3) The Lucas Giolito trade was one of the biggest LA Angels flops in recent memory
In an effort to snap their long postseason drought and to also show Shohei Ohtani that the Halos were capable when it came to fielding a competitive team, Perry Minasian pushed his chips in at the deadline and went for it.
Going for it wasn't a horrible idea to me, as the Angels had hung around in postseason contention all season, were going to get some injured players back (or so we thought), and the prospects they were going to trade aren't too important to the team's future anyway.
Trading away a guy like Edgar Quero, while he should be good in the future, doesn't hurt as much when you have Logan O'Hoppe behind the plate. Trading away Ky Bush doesn't hurt as much when the rotation is already full of lefties that have potential but haven't put it together yet. Trading those two prospects hurt when the prize was Lucas Giolito and Reynaldo Lopez both on expiring deals.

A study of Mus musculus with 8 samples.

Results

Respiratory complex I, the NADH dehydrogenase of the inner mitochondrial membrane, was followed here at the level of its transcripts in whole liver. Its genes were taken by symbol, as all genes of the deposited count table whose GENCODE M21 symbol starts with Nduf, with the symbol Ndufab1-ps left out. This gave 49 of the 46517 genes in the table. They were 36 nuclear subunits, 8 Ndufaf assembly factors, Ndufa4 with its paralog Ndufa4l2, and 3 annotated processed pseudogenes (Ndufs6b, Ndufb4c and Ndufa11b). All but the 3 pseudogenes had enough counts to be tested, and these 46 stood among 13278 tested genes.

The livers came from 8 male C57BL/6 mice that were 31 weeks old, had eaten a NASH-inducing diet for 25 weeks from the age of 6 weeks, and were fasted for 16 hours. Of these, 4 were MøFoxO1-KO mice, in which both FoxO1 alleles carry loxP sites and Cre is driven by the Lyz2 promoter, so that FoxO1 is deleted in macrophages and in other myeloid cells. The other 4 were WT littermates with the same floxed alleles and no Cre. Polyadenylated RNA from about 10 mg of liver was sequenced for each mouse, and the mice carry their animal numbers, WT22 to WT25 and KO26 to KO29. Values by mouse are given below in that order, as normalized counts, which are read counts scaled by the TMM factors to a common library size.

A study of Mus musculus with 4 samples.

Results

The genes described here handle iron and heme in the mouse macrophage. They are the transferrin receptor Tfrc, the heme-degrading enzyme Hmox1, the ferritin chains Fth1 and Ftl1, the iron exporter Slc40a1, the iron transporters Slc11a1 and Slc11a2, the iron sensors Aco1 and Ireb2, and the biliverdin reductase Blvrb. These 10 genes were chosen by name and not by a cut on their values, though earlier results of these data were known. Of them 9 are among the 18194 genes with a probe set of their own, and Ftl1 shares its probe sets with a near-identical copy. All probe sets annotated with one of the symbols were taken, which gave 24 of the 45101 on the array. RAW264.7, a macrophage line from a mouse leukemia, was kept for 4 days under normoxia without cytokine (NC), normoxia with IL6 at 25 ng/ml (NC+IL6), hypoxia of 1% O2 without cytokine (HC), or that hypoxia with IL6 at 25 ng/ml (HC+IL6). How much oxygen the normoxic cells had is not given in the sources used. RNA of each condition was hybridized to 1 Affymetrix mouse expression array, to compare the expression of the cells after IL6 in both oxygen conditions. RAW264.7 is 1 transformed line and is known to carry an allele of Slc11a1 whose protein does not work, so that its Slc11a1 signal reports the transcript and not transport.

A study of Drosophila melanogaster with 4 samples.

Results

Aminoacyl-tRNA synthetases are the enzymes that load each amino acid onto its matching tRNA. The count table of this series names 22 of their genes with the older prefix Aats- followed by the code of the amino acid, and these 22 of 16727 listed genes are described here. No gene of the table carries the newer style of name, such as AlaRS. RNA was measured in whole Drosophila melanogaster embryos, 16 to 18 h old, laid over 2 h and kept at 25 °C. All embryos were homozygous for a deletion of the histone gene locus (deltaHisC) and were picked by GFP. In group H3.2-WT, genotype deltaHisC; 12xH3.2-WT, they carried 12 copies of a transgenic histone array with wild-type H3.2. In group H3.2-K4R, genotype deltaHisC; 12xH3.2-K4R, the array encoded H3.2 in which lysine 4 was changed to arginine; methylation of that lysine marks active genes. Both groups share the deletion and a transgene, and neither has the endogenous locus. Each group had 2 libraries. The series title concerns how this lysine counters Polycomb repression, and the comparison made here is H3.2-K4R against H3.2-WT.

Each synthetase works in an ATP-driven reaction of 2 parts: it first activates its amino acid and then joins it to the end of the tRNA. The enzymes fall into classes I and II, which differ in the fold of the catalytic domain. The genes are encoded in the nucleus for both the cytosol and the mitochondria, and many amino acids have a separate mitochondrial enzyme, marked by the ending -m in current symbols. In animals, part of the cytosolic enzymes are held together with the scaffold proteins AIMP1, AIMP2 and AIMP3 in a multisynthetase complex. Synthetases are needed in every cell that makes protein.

Lopez was mostly solid for the Angels, he isn't to blame for this trade aging so poorly. The Giolito acquisition wound up being just awful for the Angels. His 6.89 ERA with the club is skewed from that one horrific start in Atlanta, but he still wasn't anything special in his five other starts with the Halos.
Giolito didn't help the Angels at all in his six starts with his hometown team, as his 1-5 record indicates. The Angels presumably made this deal with an extension in mind, but were already fed up with the right-hander just one month after acquiring him, placing him on waivers for anyone to get essentially for free. If Quero and/or Bush turn into anything with the White Sox, that'll be a deal the Angels look back at and wonder what if.